A recent law school graduate with close to $300,000 in student loan debt is asking for the U.S. Supreme Court’s help in getting it discharged in bankruptcy. Courts including the U.S. Courts of Appeals for the Seventh and Eighth circuits are split on what constitutes “undue hardship,” the determining factor as to whether a debtor is eligible for a bankruptcy discharge. The U.S. Court of Appeals for the First Circuit is also on the fence with the issue.
Law school debt has been getting more attention recently. Lawmakers on both sides have “sharply criticized U.S. law schools” for burdening students with crushing debt and non-marketable degrees, according to Bloomberg Business.
This particular student’s alma mater – Florida Coastal School of Law in Jacksonville, FL – has received some negative press about its graduates’ debt. Those in the 2015 graduating class that had debt (93 percent) carried a balance of almost $163,000. In addition, the median Law School Admission Test (LSAT) score for Florida Coastal students was in the bottom 25%.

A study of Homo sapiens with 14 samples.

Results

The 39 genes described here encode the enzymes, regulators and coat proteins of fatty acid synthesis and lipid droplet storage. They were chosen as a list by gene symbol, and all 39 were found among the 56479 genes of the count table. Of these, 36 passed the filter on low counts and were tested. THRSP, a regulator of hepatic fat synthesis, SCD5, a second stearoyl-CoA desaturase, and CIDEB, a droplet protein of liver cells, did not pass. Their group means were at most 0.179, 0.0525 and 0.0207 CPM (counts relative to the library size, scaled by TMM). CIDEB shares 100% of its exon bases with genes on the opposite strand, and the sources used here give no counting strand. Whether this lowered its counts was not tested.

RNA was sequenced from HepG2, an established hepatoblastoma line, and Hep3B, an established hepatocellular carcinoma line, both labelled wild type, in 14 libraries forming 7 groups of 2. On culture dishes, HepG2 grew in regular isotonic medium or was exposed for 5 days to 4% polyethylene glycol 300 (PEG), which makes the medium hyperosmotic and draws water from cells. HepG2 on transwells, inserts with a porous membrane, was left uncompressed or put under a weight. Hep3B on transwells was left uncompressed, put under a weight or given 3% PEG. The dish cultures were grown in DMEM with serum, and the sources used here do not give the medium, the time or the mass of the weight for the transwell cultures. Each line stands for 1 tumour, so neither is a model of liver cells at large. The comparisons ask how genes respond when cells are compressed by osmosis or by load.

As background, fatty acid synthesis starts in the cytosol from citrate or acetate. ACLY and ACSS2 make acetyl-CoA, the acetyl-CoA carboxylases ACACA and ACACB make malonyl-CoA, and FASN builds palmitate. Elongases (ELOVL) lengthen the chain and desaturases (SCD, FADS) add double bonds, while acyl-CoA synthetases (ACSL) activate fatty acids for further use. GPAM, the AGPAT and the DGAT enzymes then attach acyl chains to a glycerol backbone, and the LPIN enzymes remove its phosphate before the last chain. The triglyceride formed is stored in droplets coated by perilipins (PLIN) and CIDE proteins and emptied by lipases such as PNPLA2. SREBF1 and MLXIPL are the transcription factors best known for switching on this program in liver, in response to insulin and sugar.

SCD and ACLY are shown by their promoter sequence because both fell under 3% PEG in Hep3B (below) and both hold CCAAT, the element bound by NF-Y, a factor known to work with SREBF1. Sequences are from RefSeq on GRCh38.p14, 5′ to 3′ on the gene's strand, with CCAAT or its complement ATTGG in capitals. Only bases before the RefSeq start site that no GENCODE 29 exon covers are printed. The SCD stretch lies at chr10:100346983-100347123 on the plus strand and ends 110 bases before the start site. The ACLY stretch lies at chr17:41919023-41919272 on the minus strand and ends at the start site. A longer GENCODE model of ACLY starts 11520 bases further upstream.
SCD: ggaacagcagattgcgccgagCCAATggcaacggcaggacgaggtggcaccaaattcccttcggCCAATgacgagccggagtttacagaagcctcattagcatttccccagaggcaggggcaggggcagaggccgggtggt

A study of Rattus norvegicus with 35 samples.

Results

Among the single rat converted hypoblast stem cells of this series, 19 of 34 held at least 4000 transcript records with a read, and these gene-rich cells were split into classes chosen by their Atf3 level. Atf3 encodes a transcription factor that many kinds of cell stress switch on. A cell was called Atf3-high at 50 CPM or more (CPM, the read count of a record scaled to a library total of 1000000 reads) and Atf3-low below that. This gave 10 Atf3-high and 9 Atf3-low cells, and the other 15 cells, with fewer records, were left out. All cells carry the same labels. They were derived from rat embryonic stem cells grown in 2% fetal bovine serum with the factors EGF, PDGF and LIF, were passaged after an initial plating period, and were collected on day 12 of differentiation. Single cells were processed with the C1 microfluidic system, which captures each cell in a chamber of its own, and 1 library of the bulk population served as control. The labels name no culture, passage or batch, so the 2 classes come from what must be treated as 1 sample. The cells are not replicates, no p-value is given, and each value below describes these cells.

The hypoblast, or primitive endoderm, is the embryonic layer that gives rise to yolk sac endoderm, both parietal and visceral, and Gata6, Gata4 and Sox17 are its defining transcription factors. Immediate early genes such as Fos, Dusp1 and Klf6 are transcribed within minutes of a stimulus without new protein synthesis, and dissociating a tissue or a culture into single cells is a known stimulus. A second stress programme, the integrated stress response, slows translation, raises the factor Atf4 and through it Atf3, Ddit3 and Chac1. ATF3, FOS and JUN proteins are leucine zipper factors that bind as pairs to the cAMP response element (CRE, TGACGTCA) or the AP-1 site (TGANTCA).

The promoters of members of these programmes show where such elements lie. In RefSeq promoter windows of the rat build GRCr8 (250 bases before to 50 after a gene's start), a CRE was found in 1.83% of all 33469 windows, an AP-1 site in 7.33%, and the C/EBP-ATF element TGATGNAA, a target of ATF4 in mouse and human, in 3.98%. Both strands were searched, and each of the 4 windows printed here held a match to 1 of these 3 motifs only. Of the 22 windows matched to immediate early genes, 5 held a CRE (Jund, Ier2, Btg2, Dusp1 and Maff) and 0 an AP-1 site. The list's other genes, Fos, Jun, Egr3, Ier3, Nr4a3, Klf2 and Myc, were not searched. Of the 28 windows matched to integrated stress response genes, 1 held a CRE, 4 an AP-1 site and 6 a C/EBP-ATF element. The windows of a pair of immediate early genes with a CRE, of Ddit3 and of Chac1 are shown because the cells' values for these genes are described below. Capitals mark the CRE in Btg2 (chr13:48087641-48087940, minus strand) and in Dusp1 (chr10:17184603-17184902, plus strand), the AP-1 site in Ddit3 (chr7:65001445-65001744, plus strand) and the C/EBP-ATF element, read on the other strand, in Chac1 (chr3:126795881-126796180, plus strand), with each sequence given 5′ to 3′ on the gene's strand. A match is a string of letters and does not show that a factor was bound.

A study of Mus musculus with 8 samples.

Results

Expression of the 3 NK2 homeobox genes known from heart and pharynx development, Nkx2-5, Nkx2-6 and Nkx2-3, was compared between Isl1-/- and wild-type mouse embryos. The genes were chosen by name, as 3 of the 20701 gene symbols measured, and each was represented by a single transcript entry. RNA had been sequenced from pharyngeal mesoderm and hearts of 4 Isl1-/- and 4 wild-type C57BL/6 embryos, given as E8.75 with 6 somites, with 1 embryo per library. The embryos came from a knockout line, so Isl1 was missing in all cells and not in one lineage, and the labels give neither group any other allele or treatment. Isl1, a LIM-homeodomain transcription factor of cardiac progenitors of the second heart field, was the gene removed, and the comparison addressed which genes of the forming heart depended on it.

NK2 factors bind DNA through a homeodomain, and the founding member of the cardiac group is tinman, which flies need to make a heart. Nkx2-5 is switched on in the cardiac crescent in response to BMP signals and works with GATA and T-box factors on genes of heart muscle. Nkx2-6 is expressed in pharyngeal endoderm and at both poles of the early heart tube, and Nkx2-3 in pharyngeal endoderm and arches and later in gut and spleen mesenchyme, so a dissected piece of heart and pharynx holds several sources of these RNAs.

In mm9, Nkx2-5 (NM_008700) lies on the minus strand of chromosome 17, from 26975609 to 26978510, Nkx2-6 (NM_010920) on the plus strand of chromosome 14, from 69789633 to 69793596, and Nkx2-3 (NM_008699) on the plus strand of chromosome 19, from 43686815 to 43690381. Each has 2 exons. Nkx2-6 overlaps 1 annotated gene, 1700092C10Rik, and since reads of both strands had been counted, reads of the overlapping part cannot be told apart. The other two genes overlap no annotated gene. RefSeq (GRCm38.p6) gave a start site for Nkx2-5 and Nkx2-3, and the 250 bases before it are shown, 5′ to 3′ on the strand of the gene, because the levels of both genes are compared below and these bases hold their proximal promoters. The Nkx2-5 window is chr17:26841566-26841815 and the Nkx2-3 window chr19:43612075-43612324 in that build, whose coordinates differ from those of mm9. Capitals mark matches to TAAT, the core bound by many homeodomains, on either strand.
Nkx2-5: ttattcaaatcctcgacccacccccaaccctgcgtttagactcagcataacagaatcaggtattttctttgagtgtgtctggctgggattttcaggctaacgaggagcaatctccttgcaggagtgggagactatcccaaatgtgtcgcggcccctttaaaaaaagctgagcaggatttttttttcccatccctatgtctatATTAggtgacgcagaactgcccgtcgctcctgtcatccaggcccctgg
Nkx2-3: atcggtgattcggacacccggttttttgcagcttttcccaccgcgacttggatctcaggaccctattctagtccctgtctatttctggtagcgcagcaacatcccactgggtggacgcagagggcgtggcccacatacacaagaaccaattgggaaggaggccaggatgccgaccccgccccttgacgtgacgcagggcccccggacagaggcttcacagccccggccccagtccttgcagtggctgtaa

This student has failed the bar exam for the third time and is living at home with his parents below the poverty line. According to the debtor’s petition, he has struggled with depression and misdemeanor convictions, which make it difficult to find work in the legal field.
It is extremely difficult to prove undue hardship in the Seventh Circuit, without the presence of a serious medical condition, like Alzheimer’s disease or being paralyzed in a car accident. The bankruptcy laws are supposed to be uniform, but there is a split on what the courts consider undue hardship.
The Eight Circuit uses a “totality of the circumstances test,” which is a more flexible standard. It allows bankruptcy courts to consider a variety of factors when determining undue hardship. As a result, if a debtor lives in Arkansas – in the Eight Circuit – like in this case, there is a good chance the high court will grant the certiorari.